March 15, 2019

As American Idol’s ratings tumble, the long-running TV show has a new rival on a different screen entirely—Twitch. Earlier this month, the live-streaming video platform announced its first ever singing competition Twitch Sings: Stream Star. The contest has a $20,000 prize for the winner, who will have to compete live, on-stage at TwitchCon Europe in Berlin, Germany.

Twitch is an omnivorous platform and is looking to complete with everything from YouTube to Facebook to television itself. But its karaoke game’s real rivals are apps like Tik Tok, and the game is likely a response to the lip-syncing video app’s influence. Tik Tok has already been facilitating collaboration with its popular “duet chains”—videos miming a previous video’s actions.

Similarly, Twitch Sings is most compelling when it’s collaborative. You can perform a split-screen duet (maybe even sing with your favorite streamer), vote on song choices, or cheer someone on with Twitch’s “Bit” currency. In comparison, these dynamic offerings make shows like American Idol or The Voice seem boring, antiquated, and static.

Many people focus on the live videogame play as the whole of Twitch’s appeal, but the company has quietly pushed the envelope on the dream of interactivity and television. Users have also gotten creative with how they use Twitch’s tools to connect with the community. Streamers will freestyle rap based on the chat comments, take recipe requests for cooking shows, and give live drawing lessons.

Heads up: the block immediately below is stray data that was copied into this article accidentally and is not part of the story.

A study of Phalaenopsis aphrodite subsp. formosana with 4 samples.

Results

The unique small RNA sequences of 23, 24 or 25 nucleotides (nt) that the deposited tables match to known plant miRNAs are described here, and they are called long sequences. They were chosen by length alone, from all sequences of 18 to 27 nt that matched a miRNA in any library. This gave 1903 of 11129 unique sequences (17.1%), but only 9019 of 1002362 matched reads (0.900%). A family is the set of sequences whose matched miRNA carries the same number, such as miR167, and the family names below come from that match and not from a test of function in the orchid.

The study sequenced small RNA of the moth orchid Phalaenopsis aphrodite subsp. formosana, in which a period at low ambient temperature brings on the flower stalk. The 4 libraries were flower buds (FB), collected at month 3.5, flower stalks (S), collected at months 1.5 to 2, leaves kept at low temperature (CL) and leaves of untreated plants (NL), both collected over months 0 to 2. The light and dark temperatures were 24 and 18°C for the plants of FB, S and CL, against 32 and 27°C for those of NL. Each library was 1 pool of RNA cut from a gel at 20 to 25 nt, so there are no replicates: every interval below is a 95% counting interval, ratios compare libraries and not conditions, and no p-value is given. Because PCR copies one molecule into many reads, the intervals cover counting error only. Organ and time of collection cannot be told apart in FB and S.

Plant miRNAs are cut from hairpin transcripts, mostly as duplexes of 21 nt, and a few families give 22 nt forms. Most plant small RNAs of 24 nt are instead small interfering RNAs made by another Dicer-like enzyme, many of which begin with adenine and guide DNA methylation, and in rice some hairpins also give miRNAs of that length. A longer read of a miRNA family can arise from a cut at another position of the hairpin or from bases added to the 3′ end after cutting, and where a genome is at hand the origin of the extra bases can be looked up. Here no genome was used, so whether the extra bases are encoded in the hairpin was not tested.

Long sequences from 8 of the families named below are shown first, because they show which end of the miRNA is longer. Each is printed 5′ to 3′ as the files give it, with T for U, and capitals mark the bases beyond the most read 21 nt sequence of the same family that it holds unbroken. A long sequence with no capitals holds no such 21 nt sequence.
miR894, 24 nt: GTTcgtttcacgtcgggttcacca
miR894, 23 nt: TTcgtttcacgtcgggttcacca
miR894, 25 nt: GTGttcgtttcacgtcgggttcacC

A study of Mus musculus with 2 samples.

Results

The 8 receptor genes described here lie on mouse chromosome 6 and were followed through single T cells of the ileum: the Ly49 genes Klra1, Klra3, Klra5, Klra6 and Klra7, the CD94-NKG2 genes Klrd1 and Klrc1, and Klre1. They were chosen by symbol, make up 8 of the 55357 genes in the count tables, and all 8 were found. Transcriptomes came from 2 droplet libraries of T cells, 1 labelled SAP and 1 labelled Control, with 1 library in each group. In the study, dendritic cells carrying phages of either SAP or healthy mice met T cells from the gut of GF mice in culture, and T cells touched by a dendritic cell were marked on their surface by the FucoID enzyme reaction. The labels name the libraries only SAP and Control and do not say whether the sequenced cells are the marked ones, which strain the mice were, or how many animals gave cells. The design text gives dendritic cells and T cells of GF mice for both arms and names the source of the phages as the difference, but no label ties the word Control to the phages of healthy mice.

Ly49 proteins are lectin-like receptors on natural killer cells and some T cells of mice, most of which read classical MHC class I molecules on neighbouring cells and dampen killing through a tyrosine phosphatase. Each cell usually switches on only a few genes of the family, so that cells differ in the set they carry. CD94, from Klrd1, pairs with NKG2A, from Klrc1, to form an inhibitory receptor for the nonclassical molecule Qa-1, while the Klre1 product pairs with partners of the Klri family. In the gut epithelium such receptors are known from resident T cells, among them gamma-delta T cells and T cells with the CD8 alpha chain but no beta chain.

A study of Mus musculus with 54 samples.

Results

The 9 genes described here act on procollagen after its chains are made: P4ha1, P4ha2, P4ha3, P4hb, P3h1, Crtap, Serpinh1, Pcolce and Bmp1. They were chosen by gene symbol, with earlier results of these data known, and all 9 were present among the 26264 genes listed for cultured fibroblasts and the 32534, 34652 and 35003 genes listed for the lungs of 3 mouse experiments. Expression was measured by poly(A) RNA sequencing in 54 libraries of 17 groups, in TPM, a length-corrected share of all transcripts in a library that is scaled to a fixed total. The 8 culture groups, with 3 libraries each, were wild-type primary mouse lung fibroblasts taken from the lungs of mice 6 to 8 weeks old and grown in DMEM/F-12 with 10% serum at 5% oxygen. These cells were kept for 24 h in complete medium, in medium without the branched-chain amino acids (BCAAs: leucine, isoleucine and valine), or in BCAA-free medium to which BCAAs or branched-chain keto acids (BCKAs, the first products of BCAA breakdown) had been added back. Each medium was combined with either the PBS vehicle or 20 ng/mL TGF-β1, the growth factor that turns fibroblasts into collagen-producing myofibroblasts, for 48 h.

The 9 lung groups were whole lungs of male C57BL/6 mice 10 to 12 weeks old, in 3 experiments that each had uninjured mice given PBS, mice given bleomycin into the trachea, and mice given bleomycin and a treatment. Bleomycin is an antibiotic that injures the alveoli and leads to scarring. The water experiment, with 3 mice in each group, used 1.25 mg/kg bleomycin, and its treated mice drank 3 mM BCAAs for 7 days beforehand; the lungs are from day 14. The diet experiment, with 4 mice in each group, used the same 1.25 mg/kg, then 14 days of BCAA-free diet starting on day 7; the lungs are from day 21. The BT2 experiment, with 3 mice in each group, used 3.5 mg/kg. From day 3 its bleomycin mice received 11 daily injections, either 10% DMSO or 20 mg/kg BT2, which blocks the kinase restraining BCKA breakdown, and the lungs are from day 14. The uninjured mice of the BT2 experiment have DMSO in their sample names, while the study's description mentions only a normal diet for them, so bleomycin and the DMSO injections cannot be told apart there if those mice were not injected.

It’s important to remember that TV networks have tried—and failed—to make interactive television a thing. (Netflix is a notable exception, and no wonder they’re looking to do more interactive content.) It’s ironic that American Idol, a pioneer of the public vote by call or text, would be outdone by a more interactive upstart.

Twitch Sings will likely take off for the same reasons Twitch has become popular in the first place. A 2016 study found that Twitch users watch other people play videogames for tension release, or achieving a sense of escape and diversion from everyday life, along with the social aspects of consuming streaming. Coupled with that, music is a powerful tool for helping us feel connected to other humans. In a 2015 study of adult students, groups who sang together bonded more quickly than those who did creative writing or craft classes.

In the near future, our next Shawn Mendes or Camila Cabello will come from Twitch Sings (or something like it). But the difference will be that viewers will get to consistently engage with them, and no matter how famous they get, interactivity will be a staple of those creators’ form of entertainment and their fame.

Join this open duet: Not only is Twitch Sings challenging televised singing competitions, but it’s also staking its claim in a rapidly growing scene filled with apps that offer what American Idol can’t—interactivity. By making social media fun again, Twitch Sings is a great entry point for non-endemics to get on Twitch’s platform without being tied to games explicitly.